By Mary Byers
I recently listened as a friend expressed her frustration about someone she worked with in ministry. As the litany of complaints grew, I wondered why she endured the frustration. So I asked, "Have you talked to him about this? He's not a mind reader."
"No," she replied. "He'd never change."
"How do you know?"
"I just do." And that was the end of the conversation, which I've thought about many times since.
Why is it that we expect others to know what we're thinking? I've fallen into this trap myself many, many times. Frustrated in a working relationship with someone, I opt to complain and live in that frustration rather than approach the source. But what if leaders took a different tack? What if we looked at a conversation as "research" instead of "confrontation?" And what if the reason for the research was simply to find out if someone was receptive to what we were saying and whether or not they were able and willing to change? Is it possible that a different approach-rather than living frustrated-could change what leadership and ministry looks like in the areas where it's not working well for us?
Here's a conversational tool that I've found particularly helpful when having a tough dialogue:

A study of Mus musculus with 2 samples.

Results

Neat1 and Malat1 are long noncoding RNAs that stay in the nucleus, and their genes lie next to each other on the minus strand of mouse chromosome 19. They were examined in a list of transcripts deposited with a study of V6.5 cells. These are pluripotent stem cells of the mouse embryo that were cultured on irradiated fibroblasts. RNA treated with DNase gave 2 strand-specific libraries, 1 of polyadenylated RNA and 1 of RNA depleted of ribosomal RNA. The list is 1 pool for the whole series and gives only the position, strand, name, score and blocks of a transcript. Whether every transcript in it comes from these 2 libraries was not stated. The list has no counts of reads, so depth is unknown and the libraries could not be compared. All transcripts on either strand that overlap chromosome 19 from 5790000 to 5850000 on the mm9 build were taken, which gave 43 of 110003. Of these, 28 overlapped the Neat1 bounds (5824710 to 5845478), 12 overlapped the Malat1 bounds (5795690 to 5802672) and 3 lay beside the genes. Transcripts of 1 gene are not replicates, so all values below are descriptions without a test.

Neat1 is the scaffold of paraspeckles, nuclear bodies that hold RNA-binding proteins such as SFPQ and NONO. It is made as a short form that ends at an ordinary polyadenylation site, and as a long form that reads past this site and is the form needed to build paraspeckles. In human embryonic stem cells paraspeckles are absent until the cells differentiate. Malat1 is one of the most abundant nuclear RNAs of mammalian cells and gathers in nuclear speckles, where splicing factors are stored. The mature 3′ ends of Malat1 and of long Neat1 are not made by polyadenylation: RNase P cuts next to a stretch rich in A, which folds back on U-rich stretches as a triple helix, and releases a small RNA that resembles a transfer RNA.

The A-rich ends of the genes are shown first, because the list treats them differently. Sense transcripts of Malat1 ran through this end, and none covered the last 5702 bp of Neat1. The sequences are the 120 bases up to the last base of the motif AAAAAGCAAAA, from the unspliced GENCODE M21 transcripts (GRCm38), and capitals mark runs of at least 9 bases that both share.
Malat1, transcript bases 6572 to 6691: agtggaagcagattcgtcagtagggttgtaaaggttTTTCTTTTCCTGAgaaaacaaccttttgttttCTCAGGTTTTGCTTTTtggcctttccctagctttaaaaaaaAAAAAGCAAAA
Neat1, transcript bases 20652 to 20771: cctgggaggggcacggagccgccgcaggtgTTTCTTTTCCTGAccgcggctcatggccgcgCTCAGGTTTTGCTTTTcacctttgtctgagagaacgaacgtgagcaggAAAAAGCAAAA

I feel _________(emotion)
Let's say you're working with someone in ministry who is always late to team meetings. Here's how this might sound in real life:
"I feel frustrated when we are not able to start our meetings on time because not everyone is punctual."
(Notice that that word "you" never appears in the sentence. That's to keep the person you're talking with from feeling defensive and it's also recognition that the only person we can control is our self. The power in this is to remember to always use the word "I" and never "you.")
Susie: "What are you saying?"
You: "I've been holding up the meetings until you arrive but I'd be more comfortable if we started on time. I just want to make sure it's okay."
Susie: "It's not okay. I'm an important part of this team, too, and I don't want any decisions being made without me."
You: "Is there something I don't know about what's holding you up on meeting nights?"
Susie: "No. I just have an unpredictable job and don't always get out on time."
You: "That must be frustrating and I understand your desire not to miss any of the meeting. Next time, we'll start with what's least important or something that doesn't directly involve you. That way I can be sensitive to your wishes and courteous regarding other people's time."
Now that Susie knows you're frustrated-and what you plan to do about it-she can make an informed decision about how she'll respond. Chances are, now that you've gently called this to her attention, she'll be more prompt in the future.
Problem solved (hopefully!) and no mind reading was necessary.
Mary Byers is the author of How to Say No...And Live to Tell About It and is the managing editor of FullFill.